1. #1

    Malware Sig Structure

    I've got one thread rockin' over here:

    I made this one to help fill in some of the holes. How are malware definitions built? They have to be more than just a checksum. Also, is it possible to hack a definition file, like the adaware reference file, or the Norton signatures to see how they identify a certain piece of malware?

    I would guess that the scanner reads a file, and compares it to some sort of list of entries. But what would the entry contain? And if polymorphism is involved, what would the def look like?

    Google doesn't know, but I was wondering if someone could mess around with the adaware reference file and possibly notice if it's possible at all to reverse engineer it.

    AA Reference file attached


  2. #2
    Join Date
    Jul 2004
    keep in mind Soda that reverse enginnering an AdAware's ref file might not be quite a kosher thing to do.. at least not to the point where one would use it for an open source project..

    also, as you probably know.. there have been a number of "spyware killer" programs that have come out based upon "hacked code" from either adaware or spybot.. nothing irks me more that someone trying to make money off of something that already is free and fairly near the best one can get (freebie wise) to clean spyware..

    I have been checking out that app that groov posted in his CWS about blank manual removal thread.. it's called Prevx.. not bad from the looks of it but I would like to find some malware sites to see how well it does.. I know I could go to a porn site or two or to some crack site.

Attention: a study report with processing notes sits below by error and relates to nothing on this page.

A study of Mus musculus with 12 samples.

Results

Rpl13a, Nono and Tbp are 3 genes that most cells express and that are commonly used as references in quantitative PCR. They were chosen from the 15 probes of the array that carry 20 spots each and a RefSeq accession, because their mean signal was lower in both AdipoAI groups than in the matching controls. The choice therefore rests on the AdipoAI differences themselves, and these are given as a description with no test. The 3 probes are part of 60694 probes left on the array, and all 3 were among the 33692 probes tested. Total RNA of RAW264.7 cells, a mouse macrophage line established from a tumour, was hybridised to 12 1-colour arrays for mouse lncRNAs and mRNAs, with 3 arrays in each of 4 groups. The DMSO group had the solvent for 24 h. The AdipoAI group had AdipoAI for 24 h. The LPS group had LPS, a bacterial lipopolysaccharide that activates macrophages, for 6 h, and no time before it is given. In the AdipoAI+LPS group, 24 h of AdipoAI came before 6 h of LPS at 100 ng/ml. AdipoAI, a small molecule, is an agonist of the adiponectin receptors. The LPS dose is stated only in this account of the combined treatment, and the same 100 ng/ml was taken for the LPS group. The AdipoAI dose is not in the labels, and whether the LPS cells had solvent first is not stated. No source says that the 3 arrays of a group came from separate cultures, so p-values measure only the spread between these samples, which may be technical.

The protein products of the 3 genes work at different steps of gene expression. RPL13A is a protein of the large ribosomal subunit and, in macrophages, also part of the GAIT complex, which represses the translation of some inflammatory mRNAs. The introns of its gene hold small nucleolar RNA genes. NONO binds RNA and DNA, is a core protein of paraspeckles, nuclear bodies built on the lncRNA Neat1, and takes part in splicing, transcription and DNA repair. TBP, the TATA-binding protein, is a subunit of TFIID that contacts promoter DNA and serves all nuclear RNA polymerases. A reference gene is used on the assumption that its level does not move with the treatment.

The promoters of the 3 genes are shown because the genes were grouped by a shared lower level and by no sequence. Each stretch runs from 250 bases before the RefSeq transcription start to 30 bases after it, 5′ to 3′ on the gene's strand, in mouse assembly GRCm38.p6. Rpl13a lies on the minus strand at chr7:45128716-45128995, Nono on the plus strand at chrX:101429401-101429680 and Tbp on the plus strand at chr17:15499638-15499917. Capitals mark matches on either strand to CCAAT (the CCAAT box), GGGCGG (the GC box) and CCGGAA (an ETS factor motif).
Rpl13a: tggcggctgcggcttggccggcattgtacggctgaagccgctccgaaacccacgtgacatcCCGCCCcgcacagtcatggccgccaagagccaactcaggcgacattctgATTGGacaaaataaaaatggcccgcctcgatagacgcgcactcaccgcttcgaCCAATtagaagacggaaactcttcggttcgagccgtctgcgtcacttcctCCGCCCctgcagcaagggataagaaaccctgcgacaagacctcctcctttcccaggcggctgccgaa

that's what we need.. a database of known malware sites to test our tools on.

  3. #3
    Senior Member
    Join Date
    Aug 2003
    Try this list here:

    That should keep you busy...I would recommend using a junk system. You will get infected

  4. #4
    Reverse engineering isn't important.. It's how they are built is what is important to me. I'd like to know how they organize them, how the sig identifies malware from one to another, and such. Reverse engineering isn't important if I can find another way.

  5. #5
    Senior Member
    Join Date
    Jun 2004
    You really got me thinking and searching on this one Soda. It seems strange but there are no open source adware/spyware scanners. Well, I did find this on Source forge but nothing has been released for it yet. Do you think that maybe they work like virus scanners do? I know that they work by taking the signature and compare it to a database and check your files and memory for any instances of it or something that looks like it. I know that with adware registry values seem to be a big thing. If you really wanted to see how the adware works sort of get in its head so to speak maybe we could all collectively code up a piece of malware and disect it. Anyone interested? I know we have a bunch of skilled coders here. If I find anything out I will report back.

  6. #6
    So far it seems that whatever is unique for a certain subject, it is used as a definition. I've been researching a lil' bit too. If a file has a common MD5, then that is used. If it is polymorphic, but the first 10 bytes and file size are common, then that is used. As far as I'm concerned, standardizing signatures with static malware is easy, no problem. Heuristics, OTOH, are a biyatch. The only thing I can think of are signatures that send instructions to the scanner, but then 2 things side effect, malicious definitions and slow scanning. I fear the worm that uses extensive code from hydan.

    Malware in general uses reg values, adware for the BHO's and virii for startup methods. Malware isn't really a challenge to code, it's the vector that is. Exploiting IE or outlook is a daunting task, all jokes aside. Right now, it seems to be a fight between static malware and static signatures. Polymorphic malware is simple and easy to concept, heuristic scanning, is extremely hard. Hard because it's slow, can false positive, and isn't 100% accurate.